Facebook Twitter

SAILORS LOOK BACK FONDLY AS SUPER SARA IS RETIRED

SHARE SAILORS LOOK BACK FONDLY AS SUPER SARA IS RETIRED

As the United States and Soviet Union came to the brink of nuclear war in 1962 over missiles in Cuba, sailors Ernie Haakenson and Brad Senter had a front-row seat for the crisis aboard the USS Saratoga.

Thirty-two years later, they are returning to bid the aircraft carrier farewell when it is retired Saturday after 38 years of triumph and tragedy.The Super Sara and its sailors have seen duty at hot spots around the world, including the Vietnam War, the 1967 Six-Day War in the Middle East and the Persian Gulf War.

One of carrier's early tests was the Cuban missile crisis, when it enforced a naval blockade of the island as Americans held their collective breath.

"We were constantly on alert, not knowing from day to day what was going to happen," said Senter, who was in the engine room, keeping the behemoth carrier moving off Guantanamo Bay, Cuba.

Haakenson, 53, and Senter, 50, said there was constant tension until the crisis was resolved when the Soviets removed the missiles from Cuba.

"It took a lot out of you," said Haakenson, who was sending staccato Morse code dots and dashes and punching teletype to keep the carrier in touch with the rest of the fleet.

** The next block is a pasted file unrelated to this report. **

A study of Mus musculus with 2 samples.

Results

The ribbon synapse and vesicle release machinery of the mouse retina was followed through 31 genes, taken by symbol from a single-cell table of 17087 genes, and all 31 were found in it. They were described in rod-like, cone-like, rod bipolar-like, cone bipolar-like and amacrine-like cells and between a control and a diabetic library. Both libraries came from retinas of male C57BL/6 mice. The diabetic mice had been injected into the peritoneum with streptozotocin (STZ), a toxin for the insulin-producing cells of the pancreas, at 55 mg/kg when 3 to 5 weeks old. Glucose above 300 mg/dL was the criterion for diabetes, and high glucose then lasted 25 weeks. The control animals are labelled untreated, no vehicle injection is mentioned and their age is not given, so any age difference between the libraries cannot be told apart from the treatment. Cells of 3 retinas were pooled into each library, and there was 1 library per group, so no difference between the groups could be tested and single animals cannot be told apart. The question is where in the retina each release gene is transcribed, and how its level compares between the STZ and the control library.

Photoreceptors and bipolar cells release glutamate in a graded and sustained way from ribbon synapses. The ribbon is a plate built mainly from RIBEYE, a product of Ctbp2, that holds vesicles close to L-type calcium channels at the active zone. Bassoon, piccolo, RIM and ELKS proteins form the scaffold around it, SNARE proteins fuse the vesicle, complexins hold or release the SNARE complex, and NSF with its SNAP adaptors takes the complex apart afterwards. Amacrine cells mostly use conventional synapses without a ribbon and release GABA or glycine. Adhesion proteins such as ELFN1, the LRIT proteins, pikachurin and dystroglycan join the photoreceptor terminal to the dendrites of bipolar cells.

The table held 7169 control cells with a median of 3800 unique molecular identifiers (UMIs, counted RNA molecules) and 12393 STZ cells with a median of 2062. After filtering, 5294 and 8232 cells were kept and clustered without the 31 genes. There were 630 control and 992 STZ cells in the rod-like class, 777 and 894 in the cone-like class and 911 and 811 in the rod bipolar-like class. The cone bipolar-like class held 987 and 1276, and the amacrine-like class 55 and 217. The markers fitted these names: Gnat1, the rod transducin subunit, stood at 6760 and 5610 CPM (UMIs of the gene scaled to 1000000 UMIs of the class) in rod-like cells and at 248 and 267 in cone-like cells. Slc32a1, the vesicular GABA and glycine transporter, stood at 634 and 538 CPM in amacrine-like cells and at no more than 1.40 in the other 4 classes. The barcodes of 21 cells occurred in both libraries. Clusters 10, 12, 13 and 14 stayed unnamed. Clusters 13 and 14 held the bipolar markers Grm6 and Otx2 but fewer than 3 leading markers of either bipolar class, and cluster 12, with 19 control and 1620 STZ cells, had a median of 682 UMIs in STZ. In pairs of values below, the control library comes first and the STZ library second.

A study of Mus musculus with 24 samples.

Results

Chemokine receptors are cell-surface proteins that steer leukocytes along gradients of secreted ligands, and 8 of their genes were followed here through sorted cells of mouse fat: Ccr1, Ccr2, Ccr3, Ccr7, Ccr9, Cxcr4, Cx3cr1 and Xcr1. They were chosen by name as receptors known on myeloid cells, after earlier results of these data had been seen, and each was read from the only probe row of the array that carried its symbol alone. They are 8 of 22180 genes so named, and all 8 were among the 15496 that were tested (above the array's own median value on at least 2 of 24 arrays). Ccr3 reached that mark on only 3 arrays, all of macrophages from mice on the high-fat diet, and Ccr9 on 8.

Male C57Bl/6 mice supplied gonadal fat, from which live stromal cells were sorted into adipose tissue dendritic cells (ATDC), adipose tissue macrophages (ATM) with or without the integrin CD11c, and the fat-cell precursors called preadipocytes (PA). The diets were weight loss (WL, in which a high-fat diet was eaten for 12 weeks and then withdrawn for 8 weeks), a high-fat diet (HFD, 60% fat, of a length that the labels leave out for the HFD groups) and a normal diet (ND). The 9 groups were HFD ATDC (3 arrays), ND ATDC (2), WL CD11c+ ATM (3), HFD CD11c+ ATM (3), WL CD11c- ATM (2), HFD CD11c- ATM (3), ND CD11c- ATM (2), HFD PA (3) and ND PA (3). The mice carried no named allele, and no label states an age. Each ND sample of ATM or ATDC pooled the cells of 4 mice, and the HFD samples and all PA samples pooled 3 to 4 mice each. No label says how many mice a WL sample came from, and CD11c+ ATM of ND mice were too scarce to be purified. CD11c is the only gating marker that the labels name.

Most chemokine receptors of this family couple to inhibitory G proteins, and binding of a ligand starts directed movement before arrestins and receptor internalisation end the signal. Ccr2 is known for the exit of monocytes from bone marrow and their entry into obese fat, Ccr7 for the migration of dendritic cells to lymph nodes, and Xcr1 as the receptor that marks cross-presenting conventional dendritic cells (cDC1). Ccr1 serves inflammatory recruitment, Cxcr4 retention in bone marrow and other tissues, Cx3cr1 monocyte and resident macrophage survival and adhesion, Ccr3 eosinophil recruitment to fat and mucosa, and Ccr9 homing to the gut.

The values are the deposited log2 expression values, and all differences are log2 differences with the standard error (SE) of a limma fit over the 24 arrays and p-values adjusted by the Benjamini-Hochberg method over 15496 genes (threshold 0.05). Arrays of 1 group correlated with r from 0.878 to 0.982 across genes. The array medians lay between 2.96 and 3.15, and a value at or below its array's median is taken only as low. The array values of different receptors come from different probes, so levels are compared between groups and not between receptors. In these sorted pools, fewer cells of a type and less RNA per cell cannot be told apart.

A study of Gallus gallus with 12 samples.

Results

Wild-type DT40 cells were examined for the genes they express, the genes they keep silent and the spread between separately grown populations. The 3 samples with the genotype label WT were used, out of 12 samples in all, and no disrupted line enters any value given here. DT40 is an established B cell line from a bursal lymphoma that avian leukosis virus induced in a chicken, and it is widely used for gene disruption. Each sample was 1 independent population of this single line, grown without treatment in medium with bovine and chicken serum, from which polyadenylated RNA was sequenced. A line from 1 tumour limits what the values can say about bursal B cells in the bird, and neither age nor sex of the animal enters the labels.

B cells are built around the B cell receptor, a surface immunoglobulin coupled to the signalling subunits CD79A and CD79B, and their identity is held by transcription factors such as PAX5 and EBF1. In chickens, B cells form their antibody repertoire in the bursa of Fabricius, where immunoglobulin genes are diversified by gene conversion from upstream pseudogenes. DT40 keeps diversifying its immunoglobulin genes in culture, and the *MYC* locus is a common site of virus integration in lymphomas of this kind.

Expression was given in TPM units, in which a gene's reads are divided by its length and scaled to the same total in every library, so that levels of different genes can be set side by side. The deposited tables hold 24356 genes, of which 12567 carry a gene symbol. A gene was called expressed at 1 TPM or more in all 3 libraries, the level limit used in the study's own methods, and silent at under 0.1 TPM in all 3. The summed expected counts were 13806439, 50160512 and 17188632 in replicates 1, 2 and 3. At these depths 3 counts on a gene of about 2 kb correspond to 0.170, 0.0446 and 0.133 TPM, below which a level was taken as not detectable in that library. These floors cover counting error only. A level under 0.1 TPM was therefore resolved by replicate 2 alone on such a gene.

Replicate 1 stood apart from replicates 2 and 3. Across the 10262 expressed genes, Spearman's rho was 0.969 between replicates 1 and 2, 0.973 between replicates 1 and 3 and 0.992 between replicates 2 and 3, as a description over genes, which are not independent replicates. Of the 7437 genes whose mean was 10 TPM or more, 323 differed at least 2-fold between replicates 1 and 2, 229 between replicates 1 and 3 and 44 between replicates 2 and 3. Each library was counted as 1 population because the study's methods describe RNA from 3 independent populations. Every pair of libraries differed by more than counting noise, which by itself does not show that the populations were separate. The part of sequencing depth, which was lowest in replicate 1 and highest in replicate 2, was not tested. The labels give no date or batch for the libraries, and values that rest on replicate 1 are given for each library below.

Haakenson, of Anacortes, Wash., served on the Saratoga from 1961-63; Senter, of Texas City, Texas, was there from 1961-64. Both plan to be on the dock Saturday when Adm. Mike Boorda, the Navy's chief of operations, speaks at the ceremony removing the warship from active duty.

The carrier originally was headed for the scrap heap, but Navy Secretary John H. Dalton has given his preliminary blessing to turn it into a floating museum in downtown Jacksonville.

The carrier returned on June 24 from its 22nd and final deployment - to the Mediterranean, where it supported the operations of NATO and the United Nations in Bosnia-Herzegovina.

Haakenson and Harvey Hirsch Jr. boarded the Saratoga in Bermuda for its final cruise into Mayport.

"There was a lot of emotion out there," says Hirsch, who served aboard the Saratoga from 1957-60 and now lives in Danville, Va.

The Saratoga was the second aircraft carrier built after World War II and the sixth U.S. vessel to bear the name. The 1,039-foot ship still appears much as it did in the 1950s, aside from upgrades in wea-pon-ry and electronics. The large guns it had in the early 1960s have been replaced by missiles and a Gatling gun.

Alan Castricone of Schenectady, N.Y., who served from 1959-1961, says the Saratoga had a reputation as a "hard-luck ship." Castricone remembers a collision with a German freighter and a bad shipboard fire that burned for two or three days.

Its worst tragedy came in December 1990. A ferry returning Saratoga sailors from leave in Haifa, Israel, capsized in rough seas, killing 21.